How Methadone is used for treatment
PIDARC wants you to clearly understand the medication you will be taking. Methadone is a medication that has been used in the treatment of opiate substance addiction since the late 60’s. Opiates are derivatives of opium, a naturally occurring substance in heroin obtained from poppies. Opioids are synthetic opiates and include codeine, dilaudid, oxycontin and related prescription drugs.
The initial goal of methadone treatment is to free a person with opioid use disorder (OUD) from the severe withdrawal symptoms that prompts the regular use of illicit opiates and prescription drugs. A person may be physiologically addicted if they have been taking heroin or opioids daily for extended periods of time and exhibit symptoms of withdrawal when they stop using these drugs. Along with irritability and cravings to use opiates within eight hours of discontinued use, the most common signs of opiate withdrawal are runny nose, large pupils, eyes tearing, sweating, chills, diarrhea, yawning, nausea, cramps, insomnia, joint pain, and gooseflesh.
Methadone is a long-acting synthetic medication that was developed during World War II as a substitute painkiller when morphine was in short supply. It was first used in the United States in the 1960s to treat drug addiction. Clinical research showed that the drug could be used effectively to treat opioid withdrawal syndrome by replacing morphine or heroin with methadone. Heroin last 4-5 hours after use whereas methadone lasts 24-36 hours after ingestion. Today methadone is still considered to be the preferred treatment for many patients when combined with a holistic treatment regimen consisting of substance abuse education, group and individual counseling, and case management services that address mental and physical health, family relationships, housing, legal problems, and work or recreational activities.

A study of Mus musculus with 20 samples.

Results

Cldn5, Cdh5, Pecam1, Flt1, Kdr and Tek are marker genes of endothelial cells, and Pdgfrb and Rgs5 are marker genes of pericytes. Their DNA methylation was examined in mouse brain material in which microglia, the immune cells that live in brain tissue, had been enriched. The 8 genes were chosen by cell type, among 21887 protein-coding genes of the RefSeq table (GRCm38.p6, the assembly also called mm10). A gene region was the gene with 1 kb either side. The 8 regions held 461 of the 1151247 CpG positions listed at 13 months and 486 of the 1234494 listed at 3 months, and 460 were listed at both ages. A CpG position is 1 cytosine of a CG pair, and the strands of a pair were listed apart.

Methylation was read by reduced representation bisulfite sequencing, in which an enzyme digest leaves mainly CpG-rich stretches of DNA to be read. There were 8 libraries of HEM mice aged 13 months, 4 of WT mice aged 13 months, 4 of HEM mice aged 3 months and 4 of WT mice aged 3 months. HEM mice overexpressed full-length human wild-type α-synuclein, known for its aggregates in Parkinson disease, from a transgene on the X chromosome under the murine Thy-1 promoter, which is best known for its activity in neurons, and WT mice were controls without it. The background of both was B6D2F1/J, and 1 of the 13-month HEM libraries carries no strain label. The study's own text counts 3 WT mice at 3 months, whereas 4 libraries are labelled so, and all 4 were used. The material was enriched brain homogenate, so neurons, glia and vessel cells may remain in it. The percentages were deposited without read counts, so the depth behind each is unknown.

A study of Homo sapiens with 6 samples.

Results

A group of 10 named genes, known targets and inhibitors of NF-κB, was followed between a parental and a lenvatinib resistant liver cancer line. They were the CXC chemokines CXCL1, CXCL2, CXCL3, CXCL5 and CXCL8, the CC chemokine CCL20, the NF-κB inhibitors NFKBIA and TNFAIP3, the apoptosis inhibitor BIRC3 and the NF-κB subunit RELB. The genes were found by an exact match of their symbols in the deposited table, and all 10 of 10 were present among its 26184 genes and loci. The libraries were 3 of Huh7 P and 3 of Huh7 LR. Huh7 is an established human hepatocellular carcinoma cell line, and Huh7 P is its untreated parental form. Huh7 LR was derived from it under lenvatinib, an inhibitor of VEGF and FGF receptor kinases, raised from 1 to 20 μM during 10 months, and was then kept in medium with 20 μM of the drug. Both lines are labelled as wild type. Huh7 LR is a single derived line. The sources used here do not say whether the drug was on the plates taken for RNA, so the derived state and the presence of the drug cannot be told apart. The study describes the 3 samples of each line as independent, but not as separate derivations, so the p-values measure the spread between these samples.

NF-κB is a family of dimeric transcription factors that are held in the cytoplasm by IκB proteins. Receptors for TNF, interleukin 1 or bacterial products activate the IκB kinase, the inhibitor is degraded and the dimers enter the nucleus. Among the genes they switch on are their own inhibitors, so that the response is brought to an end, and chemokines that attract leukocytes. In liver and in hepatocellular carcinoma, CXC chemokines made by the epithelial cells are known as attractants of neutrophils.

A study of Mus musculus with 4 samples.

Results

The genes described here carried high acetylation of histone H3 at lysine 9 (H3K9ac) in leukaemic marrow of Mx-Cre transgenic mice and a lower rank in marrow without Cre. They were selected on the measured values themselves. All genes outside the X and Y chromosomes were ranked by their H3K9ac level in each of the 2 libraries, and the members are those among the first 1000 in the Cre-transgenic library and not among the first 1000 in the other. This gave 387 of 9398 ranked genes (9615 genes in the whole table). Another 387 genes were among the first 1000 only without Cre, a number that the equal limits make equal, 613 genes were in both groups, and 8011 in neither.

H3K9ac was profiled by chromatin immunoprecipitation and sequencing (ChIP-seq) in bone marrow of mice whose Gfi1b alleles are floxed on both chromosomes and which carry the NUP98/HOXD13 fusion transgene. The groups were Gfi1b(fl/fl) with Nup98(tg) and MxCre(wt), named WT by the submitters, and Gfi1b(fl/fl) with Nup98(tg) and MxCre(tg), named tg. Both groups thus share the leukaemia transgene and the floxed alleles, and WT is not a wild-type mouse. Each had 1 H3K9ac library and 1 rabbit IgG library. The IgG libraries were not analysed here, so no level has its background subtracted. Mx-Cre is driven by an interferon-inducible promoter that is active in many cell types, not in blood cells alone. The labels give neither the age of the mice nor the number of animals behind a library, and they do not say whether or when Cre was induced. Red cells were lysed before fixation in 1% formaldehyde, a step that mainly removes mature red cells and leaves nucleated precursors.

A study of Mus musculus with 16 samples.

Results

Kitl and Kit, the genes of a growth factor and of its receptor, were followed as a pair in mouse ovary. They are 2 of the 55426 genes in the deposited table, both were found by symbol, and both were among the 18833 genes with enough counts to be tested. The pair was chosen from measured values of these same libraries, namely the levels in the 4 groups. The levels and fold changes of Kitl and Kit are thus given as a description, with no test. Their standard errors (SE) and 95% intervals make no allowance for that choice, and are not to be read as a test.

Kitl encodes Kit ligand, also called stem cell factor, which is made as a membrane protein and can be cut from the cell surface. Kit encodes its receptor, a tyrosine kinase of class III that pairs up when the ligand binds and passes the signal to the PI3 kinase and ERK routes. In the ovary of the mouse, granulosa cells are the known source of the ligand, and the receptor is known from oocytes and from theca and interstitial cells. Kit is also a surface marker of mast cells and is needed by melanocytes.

Methadone is effective because it keeps the patient from going into withdrawal and blocks the effects of opioids. Dosage varies from patient to patient and is adjusted during the initial course of treatment. Once it has been determined that the patient’s medication is at therapeutic dosing level, patients are able to remain comfortable, free from cravings, and better able to focus on other aspects of their recovery; adjustments to medication dosage may be made from time to time throughout the course of treatment as needed to ensure the patient’s ongoing stability while in the methadone maintenance phase of treatment. For more information about methadone, click on the “Frequently Asked Questions” tab.